The Canadian Red Cross is a well-known organization that has long helped those in need. Its history is intertwined with our country's military efforts and many Canadians volunteered with the Red Cross during the war years. Canadian servicemen and servicewomen greatly appreciated the support offered by the Red Cross, whether at home, on the front lines, in prisoner-of-war camps or in rest areas away from the fighting.

The Red Cross' roots in Canada date back to the Northwest Rebellion in 1885. Dr. George Sterling Ryerson was the regimental surgeon of the battalion that later became known as the Royal Grenadiers. To try to protect the wagons carrying his medical supplies from attack, he needed a way to distinguish them from wagons carrying army equipment. He took two red pieces of fabric and sewed them into the shape of a cross on a white cotton cloth, creating one of the very first Red Cross flags seen in our country.

Dr. Ryerson would go on to found the first overseas branch of the British Red Cross here in Canada in 1896. The new organization would soon be offering aid during a military conflict when the South African War erupted in 1899. Dozens of Red Cross branches quickly sprang up across the country to collect money, clothing and food supplies to take to South Africa to help the sick and injured. School children volunteered too, putting together parcels for those serving so far from home.

This overseas branch of the British Red Cross officially became the Canadian Red Cross in 1909. It would not be long before the new organization was called upon to help those affected by military conflict. The First World War raged from 1914 to 1918 and the organization undertook many relief efforts. Red Cross volunteers across Canada knitted socks and sweaters, and sewed bandages and bed linens to be sent to war-torn Europe. They also raised large sums of money for supplies to aid those affected by the fighting. The Canadian Red Cross also played a central role in establishing and supporting hospitals for those injured in the war, like the Duchess of Connaught Red Cross Hospital in Maidenhead, England.

The Canadian Red Cross again rose to the challenge when the Second World War broke out in 1939. Indeed, almost three million Canadians were active Red Cross members by the end of the conflict.

There was a trained, uniformed Canadian Red Cross Corps, as well as ‘junior clubs' for youth. One of their major efforts was offering medical aid and some of the comforts of home – be it food, warm clothing or books – to those affected by the fighting. They held quilting parties to make blankets and sent parcels containing knitted clothing, blankets, sweets and cigarettes to soldiers overseas – especially those being held in prisoner-of-war camps.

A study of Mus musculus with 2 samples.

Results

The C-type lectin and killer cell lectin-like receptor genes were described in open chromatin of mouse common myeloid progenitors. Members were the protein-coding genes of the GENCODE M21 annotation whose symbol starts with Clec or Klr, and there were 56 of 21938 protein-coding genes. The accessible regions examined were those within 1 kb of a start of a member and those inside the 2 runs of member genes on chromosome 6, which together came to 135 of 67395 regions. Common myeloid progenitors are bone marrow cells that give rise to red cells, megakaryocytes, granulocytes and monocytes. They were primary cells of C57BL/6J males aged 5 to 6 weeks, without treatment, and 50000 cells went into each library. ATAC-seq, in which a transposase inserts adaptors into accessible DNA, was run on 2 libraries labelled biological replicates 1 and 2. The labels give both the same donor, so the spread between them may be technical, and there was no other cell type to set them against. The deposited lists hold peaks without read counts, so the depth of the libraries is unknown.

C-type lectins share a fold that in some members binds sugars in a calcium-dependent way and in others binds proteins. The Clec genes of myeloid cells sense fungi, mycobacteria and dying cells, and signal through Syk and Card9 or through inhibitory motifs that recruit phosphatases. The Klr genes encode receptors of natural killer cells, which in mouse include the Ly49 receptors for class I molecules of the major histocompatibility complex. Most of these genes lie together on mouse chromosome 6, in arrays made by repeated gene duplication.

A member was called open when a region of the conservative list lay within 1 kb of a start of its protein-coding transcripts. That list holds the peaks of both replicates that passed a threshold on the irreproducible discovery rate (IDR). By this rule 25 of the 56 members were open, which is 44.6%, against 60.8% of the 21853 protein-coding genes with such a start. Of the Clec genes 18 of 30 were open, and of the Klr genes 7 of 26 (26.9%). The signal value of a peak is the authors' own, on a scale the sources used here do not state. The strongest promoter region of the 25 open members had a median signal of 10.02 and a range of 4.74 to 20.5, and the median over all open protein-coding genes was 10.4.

The Canadian Red Cross raised large amounts of money to support members of the military and civilians in need by holding fundraising events like dances and concerts. They also arranged entertainment like movie nights and picnics for wounded servicemen recuperating in local hospitals.

Canadian Red Cross volunteers also used their skills to help make up for the shortage of medical workers at home by driving ambulances, assisting nurses, training individuals in first aid, running blood donor clinics and providing medical aid as needed. They also supported local hospitals by donating beds and medical supplies. The volunteers were also quick to respond to fires, floods and other emergencies in their communities.

Tens of thousands of women played a huge role in the Canadian Red Cross during the war. Hundreds even served with the organization overseas, doing many of the tasks their fellow members performed back home, as well as other things like helping civilians affected by the fighting, supporting the families of military members, and staffing hostels and canteens for military men. Canadian Red Cross personnel also served in Newfoundland (which was not yet part of Canada at that time), helping injured seamen whose ships had been torpedoed on the Atlantic Ocean.

The Second World War came to an end in 1945, but that was not the end of the work for the organization. Thousands of ‘war brides' (European women who had married Canadian servicemen) and their children sailed across the Atlantic to their new homes in Canada after the war – and Red Cross volunteers were on the ships with them to help.

The Canadian Red Cross continued its service during the Korean War of 1950 to 1953. They sent medical-social welfare teams to Korea, and they played a role in prisoner-of-war exchanges between North and South Korea.

The Canadian Red Cross continues to help Canadians and those in need beyond our borders whose lives are disrupted by war and natural disasters. Indeed, Canadians working with the Red Cross are still serving in war zones today in places like Iraq and Afghanistan. For more information on the Canadian Red Cross, please visit the Canadian Red Cross Web site.